Man's '10 month of hell' on journey to long Covid treatment
- Credit: DENISE BRADLEY/Archant2021
A man has opened up about his "10 months of hell" with long Covid, as hundreds of people are referred onto a new clinic for the condition in its first four months open.
More than 370 people have been referred for treatment at the region's community trust, including many of working age.
Among them is Paul Spriggins, a company director from Hardingham, who said he had never been to hospital before last March, when he started experiencing stomach problems, breathing difficulties and fatigue.
Then 43, his symptoms were not the typical signs of coronavirus at the time, but later would become common symptoms of long Covid.
In the space of a month, he was taken to hospital five times, the first with a pain in his chest, prompting concerns he had a heart attack. He was not admitted, meaning he was not tested for Covid.
The 44-year-old said: "It got to the point where I couldn't breathe, was really fatigued and just felt unwell. On the Saturday evening, I felt like my chest had been set on fire."
Three days later he was back in hospital when he became paralysed on his left side, a symptom he still has today.
He said his symptoms were dismissed as health anxiety, in part due to him not having a Covid diagnosis - something he urged the medical profession not to "write off".
The company director said: "You have got all these symptoms, you are not imagining them, you cannot breathe and my chest felt as if someone had set me on fire.
"I had a period of two weeks that I started to feel better, how wrong was I? Then the change came and it really impacted me and brought my life to a standstill.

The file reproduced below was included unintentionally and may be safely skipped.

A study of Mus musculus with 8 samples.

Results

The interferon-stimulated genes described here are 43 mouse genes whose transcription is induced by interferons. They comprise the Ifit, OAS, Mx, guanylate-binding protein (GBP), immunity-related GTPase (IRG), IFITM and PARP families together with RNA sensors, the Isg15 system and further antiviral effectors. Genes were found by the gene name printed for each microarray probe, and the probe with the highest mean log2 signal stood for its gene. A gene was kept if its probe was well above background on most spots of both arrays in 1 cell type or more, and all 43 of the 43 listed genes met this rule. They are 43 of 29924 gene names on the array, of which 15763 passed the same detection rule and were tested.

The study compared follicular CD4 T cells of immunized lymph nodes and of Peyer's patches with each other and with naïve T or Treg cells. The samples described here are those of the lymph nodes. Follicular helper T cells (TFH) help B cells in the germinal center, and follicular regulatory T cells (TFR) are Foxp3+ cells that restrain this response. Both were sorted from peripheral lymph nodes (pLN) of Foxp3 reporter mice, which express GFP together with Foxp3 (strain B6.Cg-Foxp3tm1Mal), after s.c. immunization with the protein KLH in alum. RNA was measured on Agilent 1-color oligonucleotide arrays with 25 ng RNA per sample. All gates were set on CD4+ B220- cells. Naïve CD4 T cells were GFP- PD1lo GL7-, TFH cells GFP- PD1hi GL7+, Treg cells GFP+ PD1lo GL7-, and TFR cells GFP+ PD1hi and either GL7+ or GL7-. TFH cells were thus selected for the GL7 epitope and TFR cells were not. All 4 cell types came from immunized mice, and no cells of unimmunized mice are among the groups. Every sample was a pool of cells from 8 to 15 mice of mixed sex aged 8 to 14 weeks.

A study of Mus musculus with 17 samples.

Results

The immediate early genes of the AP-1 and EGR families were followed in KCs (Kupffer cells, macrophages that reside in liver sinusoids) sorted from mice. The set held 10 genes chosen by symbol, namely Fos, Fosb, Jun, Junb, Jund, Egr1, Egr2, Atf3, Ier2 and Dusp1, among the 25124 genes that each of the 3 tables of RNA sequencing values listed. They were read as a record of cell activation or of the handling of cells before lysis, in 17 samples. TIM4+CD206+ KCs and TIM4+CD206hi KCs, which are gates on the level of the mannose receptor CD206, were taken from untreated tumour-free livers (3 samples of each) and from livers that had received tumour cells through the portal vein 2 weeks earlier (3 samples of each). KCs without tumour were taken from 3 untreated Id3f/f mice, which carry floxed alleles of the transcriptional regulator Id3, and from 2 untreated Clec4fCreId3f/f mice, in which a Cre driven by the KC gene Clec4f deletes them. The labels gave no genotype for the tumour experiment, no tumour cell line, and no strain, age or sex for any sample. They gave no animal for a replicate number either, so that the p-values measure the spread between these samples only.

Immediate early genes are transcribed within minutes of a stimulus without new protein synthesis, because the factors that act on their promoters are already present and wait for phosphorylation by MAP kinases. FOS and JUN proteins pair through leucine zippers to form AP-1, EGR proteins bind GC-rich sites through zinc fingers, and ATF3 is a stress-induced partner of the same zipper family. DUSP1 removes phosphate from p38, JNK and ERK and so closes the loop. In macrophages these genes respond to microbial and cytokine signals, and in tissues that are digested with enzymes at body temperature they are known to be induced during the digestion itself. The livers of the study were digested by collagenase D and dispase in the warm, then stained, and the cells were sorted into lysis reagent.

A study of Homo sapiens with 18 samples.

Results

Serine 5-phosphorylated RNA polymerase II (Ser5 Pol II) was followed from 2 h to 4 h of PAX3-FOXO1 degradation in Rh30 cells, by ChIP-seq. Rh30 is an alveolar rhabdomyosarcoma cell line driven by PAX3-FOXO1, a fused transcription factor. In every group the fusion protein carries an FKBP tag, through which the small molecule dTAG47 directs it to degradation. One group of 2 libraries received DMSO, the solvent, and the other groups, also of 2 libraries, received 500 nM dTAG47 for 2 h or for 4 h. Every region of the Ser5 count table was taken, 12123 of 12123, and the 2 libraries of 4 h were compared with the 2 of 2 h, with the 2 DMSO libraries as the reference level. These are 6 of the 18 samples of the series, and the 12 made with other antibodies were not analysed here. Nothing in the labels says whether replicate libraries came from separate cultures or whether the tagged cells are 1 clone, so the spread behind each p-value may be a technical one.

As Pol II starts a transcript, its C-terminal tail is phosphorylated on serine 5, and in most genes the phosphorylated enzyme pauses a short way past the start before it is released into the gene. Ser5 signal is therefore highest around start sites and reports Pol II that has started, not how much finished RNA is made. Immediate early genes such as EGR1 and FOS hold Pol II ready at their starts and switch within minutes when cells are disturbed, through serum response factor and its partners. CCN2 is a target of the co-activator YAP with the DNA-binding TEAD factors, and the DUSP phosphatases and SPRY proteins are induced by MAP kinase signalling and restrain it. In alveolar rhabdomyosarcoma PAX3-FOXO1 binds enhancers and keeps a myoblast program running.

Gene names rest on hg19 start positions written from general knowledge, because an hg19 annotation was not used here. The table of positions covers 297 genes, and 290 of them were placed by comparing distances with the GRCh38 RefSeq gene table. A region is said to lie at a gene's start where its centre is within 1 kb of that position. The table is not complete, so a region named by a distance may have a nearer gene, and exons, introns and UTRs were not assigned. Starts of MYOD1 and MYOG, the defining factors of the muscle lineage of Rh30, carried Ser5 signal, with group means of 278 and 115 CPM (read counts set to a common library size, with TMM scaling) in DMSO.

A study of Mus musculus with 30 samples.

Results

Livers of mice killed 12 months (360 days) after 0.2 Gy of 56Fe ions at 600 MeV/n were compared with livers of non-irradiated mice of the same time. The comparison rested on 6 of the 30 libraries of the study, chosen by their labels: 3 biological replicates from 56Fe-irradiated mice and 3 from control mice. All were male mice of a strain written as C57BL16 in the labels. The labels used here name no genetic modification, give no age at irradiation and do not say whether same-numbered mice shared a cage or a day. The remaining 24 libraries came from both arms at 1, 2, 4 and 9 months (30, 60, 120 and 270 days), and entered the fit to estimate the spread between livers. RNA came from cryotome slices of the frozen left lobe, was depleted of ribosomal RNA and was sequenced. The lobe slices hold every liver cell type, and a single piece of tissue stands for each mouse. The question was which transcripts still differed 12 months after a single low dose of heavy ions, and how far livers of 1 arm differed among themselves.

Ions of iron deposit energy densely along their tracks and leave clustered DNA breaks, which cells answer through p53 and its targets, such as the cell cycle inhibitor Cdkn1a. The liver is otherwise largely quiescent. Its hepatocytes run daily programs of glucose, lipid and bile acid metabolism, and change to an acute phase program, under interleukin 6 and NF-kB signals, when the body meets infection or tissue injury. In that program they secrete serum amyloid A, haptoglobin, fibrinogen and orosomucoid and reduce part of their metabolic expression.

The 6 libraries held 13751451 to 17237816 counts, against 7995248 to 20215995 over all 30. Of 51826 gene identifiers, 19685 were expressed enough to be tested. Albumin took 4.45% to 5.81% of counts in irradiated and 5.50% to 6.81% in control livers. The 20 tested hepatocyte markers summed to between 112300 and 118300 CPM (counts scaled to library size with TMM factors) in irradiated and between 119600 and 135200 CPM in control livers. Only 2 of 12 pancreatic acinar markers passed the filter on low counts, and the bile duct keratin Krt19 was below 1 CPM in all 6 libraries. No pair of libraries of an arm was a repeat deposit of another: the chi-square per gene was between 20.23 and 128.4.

"It has only been in the last two to three months that I have been able to get back to doing anything that resembles the life I had before catching Covid.
"I haven't been able to return to the gym, I cannot even think about the gym."
Mr Spriggins continues to suffer from muscle spasms, twitching, severe muscle pain, restricted movement in his left side, impact on his vision and brain fog.
He continued to push for a diagnosis and on learning about post-Covid clinics, he asked to be referred, but doctors were initially unsure as he had not tested positive for Covid in the last 12 weeks.
But the Norfolk Community Health and Community Trust (NCH&C) which runs the clinic, scheduled a 90 minute consultation and determined Mr Spriggins was suitable for neurological rehabilitation to treat post Covid symptoms.
Mr Spriggins said: "It affects so many different people in so many different ways. We have the same symptoms but in a different order, or one or two symptoms become your main symptom.
“There needs to be more of an acceptance of people like me who still have symptoms of what I had last April, May, June and we have no guidance.
“I do not know if this is going to be life-changing and how my life is going to be or if there is light at the end of the tunnel. We are the lucky ones, we haven’t died from Covid.
“We are stuck and we do not know where this is going to."
Mr Spriggins has begun shifts as a volunteer at the Castle Quarter vaccination centre, which is his way of "fighting back" from the virus after "10 months of hell".
NCH&C has been running the clinic since December and is working to increase awareness with GPs to refer people to the service.
Allison Coxon, clinical lead for the Post-Covid Assessment Service, said as more data emerged around post-Covid, it had been a challenge to plan for "unknown demand".
She said: "There have also been complexities in identifying what is linked to post-Covid and what is not.
"The majority of patients are of working age, and most from the initial wave of Covid-19, though we are now starting to have patients through with residual symptoms from the second and third waves."
The team is seeing a wide-ranging number of symptoms but the most common include breathlessness, extreme tiredness or chronic fatigue, brain fog, anxiety and stress.
Other common symptoms are chest pain or tightness, difficulty sleeping (insomnia), heart palpitations, tinnitus, earaches, a high temperature, cough, headaches, sore throat and changes to sense of smell or taste.
Patients are consulted and then will receive treatment, attend group therapy sessions and resources on the Your Covid Recovery website.